Idenix Pharmaceuticals, Inc. a biopharmaceutical company focused on the discovery and development of drugs for human viral diseases, has filed two lawsuits against Gilead Sciences, Inc.
A patent is not a perfect protection against imitation. It merely grants the patent holder the right to sue infringers once they have been identiﬁed, which implies that the patent holder must supervise the market and react in case of infringement. The reality is that when an innovator applies for a patent, there is some probability that one or several ﬁrms active in the market will try to impede him from monopolizing a portion of this market.
In the pharmaceutical industry, interest in the availability of prescription drugs and the role of patents has grown considerably. In fact, the industry has been described as patent-intensive. Organizations within this sector frequently obtain patent protection and enforce patent rights and reportedly place a higher comparative value on patents than competitors in other markets.
The Patent Act of 1952 allows inventors to obtain patents on processes, machines and compositions of matter that are useful, new and nonobvious. Granted patents confer the right to exclude others from making, using, selling, offering to sell, or importing into the United States the patented invention. However, The Drug Price Competition and Patent Term Restoration Act of 1984 – known as the “Hatch-Waxman Act” – made significant changes to the patent laws in order to encourage innovation in the pharmaceutical industry while facilitating the fast introduction of low-cost generic drugs.
In one recent patent infringement instance, Idenix Pharmaceuticals, Inc. a biopharmaceutical company focused on the discovery and development of drugs for human viral diseases, filed two lawsuits against Gilead Sciences, Inc. - a patent infringement lawsuit in the U.S. District Court in Boston and a patent infringement and interference lawsuit in the U.S. District Court in Wilmington, Del.
According to the Massachusetts lawsuit, Gilead infringes on two U.S. patents for treating the hepatitis C virus using 2'-methyl nucleosides co-owned by Idenix. Idenix is seeking a declaration that Gilead's distribution, importation, use, sale or offer to sell drugs containing sofosbuvir, a 2'-methyl nucleoside compound, infringes on Idenix's patents.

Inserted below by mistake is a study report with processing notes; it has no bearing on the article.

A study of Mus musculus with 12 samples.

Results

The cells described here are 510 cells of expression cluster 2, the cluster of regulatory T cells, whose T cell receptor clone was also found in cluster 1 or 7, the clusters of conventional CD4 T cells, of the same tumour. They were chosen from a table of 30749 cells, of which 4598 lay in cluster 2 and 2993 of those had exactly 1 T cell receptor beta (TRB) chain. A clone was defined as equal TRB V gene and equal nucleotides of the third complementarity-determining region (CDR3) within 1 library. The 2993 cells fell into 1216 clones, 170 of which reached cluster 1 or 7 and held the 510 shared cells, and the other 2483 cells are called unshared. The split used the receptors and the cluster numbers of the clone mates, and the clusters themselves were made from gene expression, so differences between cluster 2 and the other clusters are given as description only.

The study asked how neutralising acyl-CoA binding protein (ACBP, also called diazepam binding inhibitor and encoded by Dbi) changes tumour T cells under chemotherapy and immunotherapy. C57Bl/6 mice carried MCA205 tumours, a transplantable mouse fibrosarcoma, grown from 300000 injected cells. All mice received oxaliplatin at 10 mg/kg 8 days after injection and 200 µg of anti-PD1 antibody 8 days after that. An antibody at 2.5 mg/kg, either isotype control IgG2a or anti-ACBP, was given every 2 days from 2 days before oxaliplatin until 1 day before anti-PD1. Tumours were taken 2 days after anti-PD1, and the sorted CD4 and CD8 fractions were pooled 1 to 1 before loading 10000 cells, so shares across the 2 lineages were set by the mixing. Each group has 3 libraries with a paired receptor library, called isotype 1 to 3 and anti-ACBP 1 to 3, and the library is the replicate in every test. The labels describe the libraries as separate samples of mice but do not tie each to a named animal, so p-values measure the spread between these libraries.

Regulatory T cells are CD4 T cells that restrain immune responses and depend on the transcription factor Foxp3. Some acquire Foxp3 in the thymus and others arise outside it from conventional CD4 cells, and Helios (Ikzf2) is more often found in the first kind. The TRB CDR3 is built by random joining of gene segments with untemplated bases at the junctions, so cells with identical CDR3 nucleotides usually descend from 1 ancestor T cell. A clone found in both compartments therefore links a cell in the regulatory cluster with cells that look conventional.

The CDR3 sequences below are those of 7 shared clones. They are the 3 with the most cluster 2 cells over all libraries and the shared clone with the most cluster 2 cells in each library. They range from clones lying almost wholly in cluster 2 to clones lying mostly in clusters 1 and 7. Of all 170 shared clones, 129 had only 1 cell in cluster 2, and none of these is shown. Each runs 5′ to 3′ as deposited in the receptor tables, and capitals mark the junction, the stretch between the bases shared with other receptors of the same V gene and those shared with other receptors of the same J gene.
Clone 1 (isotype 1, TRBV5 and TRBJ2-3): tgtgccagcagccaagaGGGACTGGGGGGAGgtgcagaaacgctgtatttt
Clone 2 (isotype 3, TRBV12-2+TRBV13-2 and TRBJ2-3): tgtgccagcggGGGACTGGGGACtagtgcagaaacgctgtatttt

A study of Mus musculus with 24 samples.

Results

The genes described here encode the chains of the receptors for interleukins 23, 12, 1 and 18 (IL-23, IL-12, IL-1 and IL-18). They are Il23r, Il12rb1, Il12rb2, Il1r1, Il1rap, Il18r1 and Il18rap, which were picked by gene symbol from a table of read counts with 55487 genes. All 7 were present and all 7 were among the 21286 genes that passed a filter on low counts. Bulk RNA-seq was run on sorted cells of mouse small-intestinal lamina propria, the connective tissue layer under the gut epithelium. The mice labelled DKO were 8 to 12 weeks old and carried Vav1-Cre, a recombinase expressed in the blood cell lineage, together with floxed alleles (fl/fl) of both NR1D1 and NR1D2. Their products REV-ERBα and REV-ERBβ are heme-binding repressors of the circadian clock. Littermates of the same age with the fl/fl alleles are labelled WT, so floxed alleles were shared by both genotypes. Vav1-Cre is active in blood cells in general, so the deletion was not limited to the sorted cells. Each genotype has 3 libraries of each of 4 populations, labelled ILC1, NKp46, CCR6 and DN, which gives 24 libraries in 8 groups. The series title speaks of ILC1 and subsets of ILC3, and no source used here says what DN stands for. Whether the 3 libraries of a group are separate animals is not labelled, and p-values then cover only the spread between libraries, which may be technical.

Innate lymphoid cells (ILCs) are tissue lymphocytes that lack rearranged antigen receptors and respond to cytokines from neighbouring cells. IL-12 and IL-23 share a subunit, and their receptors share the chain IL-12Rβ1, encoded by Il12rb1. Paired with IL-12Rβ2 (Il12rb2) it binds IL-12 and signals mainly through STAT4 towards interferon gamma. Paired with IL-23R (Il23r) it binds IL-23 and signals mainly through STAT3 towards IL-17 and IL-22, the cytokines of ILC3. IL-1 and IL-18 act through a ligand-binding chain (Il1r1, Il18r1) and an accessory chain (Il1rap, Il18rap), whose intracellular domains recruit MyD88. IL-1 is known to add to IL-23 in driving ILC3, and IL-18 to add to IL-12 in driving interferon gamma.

"Idenix has invested significant resources in nucleoside drug discovery and in building an intellectual property portfolio that aids in the discovery and development of drugs for the treatment of the hepatitis C virus and other viral diseases," said Maria Stahl, senior vice president and general counsel at Idenix, in a statement.
The lawsuit says Gilead infringes a separate U.S. patent co-owned by Idenix that covers methods of treating the hepatitis C virus using 2'-methyl-2'-fluoro nucleosides. Therefore, Idenix is seeking a declaration that Gilead's distribution, importation, use, sale or offer to sell drugs containing sofosbuvir infringes the Idenix '600 patent.
Additionally, the Delaware lawsuit asserts a claim for interfering patents between the Idenix '600 patent and a U.S. patent owned by a Gilead subsidiary, Gilead Pharmasset LLC. Idenix is seeking to have the Gilead '322 patent declared invalid.
"While we have attempted to resolve this matter with Gilead without resorting to infringement litigation, we intend to diligently and vigorously protect our patent rights for the benefit of our company and our shareholders and prevent infringing use by others. Idenix remains confident in its patent portfolio and has several patent families that provide the Company coverage for 2'-methyl nucleoside compounds and 2'- methyl, 2'- fluoro nucleoside compounds specifically,” Stahl continued.